Thomas Shaw

Thomas Shaw

Last updated on 4 November 2020

Thomas Shaw is the Assistant Director of Digital Innovation and Research Services at Lancaster University

It is undoubtedly both a truism and an understatement that these are unprecedented times.  Universities, along with other types of knowledge-intensive organisation, have experienced seismic shock and uncertainty due to the current pandemic, ranging from uncertain student recruitment to detrimental impact on research projects.  Add to this the consequent financial effects, and the resulting circumstances do not appear to be conducive to making the argument for the importance of digital preservation and the need to invest in it.

In universities, there are currently two key barriers to making the case for digital preservation:

  • Financial constraints and uncertainty – the need for institutions to manage very challenging financial circumstances creates barriers to investment in either staffing or infrastructure for digital preservation. In most institutions, now will not be a good time to request new investment.

  • Organisational focus is elsewhere – universities have had to respond rapidly and adapt to the challenges of the pandemic. Institutions have had to transition to digital and blended modes of teaching, whilst managing key activity in other areas, such as preparation for the Research Excellence Framework. Consequently, senior leaders are unlikely to be receptive to calls for action on digital preservation at the current time, especially with so many other competing challenges.

Even beyond the current pandemic circumstances, making the case for digital preservation can be both straightforward and challenging in equal measure.  I have found that senior leaders can easily appreciate the basic risks associated with not acting on digital preservation, especially when the threat to important data assets and organisational memory becomes apparent.  Indeed, highlighting ‘worst case scenarios’ or distinctive examples from the past (such as the 1980s Domesday Project on laserdisc: can be particularly effective in making the initial point that digital technology is not in itself secure and reliable in perpetuity.  However, it is also an area where it can be very challenging to achieve practical action and deliver meaningful progress.  It’s very easy for digital preservation to be perceived as ‘tomorrow’s problem’, which doesn’t need action or expenditure today.  Given the immediacy of challenges such as transitioning to online teaching, there is significant risk of digital preservation being pushed down the agenda at the current time.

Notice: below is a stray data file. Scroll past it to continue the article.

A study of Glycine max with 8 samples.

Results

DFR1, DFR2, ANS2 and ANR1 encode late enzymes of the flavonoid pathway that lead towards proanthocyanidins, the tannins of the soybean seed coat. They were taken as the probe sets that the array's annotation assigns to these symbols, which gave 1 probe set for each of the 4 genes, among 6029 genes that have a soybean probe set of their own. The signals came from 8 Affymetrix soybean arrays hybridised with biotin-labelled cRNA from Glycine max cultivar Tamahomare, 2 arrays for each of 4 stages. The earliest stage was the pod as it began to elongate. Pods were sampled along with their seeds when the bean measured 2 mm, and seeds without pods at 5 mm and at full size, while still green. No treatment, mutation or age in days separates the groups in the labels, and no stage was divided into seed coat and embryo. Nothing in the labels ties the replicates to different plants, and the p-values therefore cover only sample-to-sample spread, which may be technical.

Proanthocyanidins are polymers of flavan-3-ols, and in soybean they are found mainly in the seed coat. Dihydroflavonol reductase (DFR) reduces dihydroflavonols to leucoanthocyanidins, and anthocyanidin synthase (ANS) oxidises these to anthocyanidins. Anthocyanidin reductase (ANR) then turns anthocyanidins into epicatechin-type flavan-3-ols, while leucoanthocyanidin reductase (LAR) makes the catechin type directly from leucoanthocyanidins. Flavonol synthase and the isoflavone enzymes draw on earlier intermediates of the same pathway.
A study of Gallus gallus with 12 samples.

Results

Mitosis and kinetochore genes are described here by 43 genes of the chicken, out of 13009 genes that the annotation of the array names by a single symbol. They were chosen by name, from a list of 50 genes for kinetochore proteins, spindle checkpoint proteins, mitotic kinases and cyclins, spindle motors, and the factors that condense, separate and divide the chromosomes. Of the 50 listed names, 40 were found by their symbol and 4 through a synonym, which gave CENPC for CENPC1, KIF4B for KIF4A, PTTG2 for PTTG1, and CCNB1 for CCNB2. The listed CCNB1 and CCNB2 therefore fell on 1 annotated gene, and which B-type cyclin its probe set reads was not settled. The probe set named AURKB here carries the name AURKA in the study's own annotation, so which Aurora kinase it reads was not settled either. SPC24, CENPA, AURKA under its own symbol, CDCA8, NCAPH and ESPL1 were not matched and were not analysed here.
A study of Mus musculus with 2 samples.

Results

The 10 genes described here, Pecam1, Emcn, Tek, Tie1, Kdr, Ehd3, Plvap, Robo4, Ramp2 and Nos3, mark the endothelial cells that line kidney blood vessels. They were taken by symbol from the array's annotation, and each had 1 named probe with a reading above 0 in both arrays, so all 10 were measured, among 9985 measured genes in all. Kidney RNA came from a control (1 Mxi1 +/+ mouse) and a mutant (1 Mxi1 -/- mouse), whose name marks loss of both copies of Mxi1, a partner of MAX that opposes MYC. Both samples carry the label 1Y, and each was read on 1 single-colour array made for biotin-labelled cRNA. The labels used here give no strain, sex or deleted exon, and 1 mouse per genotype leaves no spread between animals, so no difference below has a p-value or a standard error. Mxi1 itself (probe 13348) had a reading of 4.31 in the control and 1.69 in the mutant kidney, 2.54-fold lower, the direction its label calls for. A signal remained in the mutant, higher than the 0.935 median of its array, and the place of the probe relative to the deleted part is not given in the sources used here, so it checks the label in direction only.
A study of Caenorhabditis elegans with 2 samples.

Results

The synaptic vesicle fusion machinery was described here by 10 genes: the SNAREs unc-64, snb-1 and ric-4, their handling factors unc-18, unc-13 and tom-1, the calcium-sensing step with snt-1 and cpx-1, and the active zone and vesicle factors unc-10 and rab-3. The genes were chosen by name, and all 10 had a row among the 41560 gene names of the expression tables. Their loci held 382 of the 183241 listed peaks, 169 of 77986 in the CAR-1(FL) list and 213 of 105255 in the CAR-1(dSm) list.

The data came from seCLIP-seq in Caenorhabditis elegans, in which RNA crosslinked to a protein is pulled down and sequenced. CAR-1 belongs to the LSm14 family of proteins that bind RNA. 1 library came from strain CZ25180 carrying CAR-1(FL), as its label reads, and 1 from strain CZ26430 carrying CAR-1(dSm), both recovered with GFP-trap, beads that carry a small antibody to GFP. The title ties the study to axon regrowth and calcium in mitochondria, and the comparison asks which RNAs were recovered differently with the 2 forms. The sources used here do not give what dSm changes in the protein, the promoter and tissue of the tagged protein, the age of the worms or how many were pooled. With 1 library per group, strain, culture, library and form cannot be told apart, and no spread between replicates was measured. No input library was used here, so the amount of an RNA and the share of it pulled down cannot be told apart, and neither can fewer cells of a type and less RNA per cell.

So the circumstances are clearly even more challenging than usual.  However, I firmly believe that abandoning digital preservation as ‘too difficult’ or ‘too expensive’, or deprioritising it as a ‘problem for another day’ would be a serious mistake.  As a consequence of the pandemic, digital is now more important and more centre stage than it has ever been.  And hence good digital preservation becomes even more vital.  We need only think of the perception of those in years or decades to come, who have to live with the consequences if we fail to act when we could and should have done.

At Lancaster University we are currently navigating these challenges to set a new course for the Library’s activity on digital preservation.  Lancaster University Library has an excellent track record of engaging proactively with digital preservation, which puts us on a sound footing to move forward.  But we also need to be realistic about what we can achieve in the current circumstances.  As part of our annual planning process, we are, to borrow a phrase from the green movement, Thinking Globally and Acting Locally.  We are retaining our vision and ambition for the importance of digital preservation across the full range of the Library’s services, whilst acknowledging that we can’t preserve everything for everyone overnight, and that we need to focus on how we can continue to deliver incrementally at a local level.  Over the next the next 12 months we will develop a revised plan for the Library’s role in digital preservation.  We will undertake greater prioritisation and will break down priorities into smaller and more achievable units.  We expect to focus activity on key areas within the Library’s remit – research data and electronic PhD theses in particular – in order to define deliverables that are realistic.  A key area in the current environment will be the preservation of data from research into Covid-19, of which there are many examples throughout the institution.  We will also maintain our focus on the initial capture and storage of digital assets to ensure that assets such as research data are always deposited in the most appropriate locations.

So our motivation is that it would be wrong to abandon or ignore digital preservation, and that it has become more important than ever.  But equally, we need to be realistic about what we can deliver.  Moreover, it is far better to deliver something to an acceptable standard in some areas, than deliver nothing because we couldn’t make it perfect in every way.  At this challenging time we may not be able to achieve all of the preservation ambitions we know to be so important, but we can still keep this vital topic on the agenda, and still deliver genuine outcomes and impact.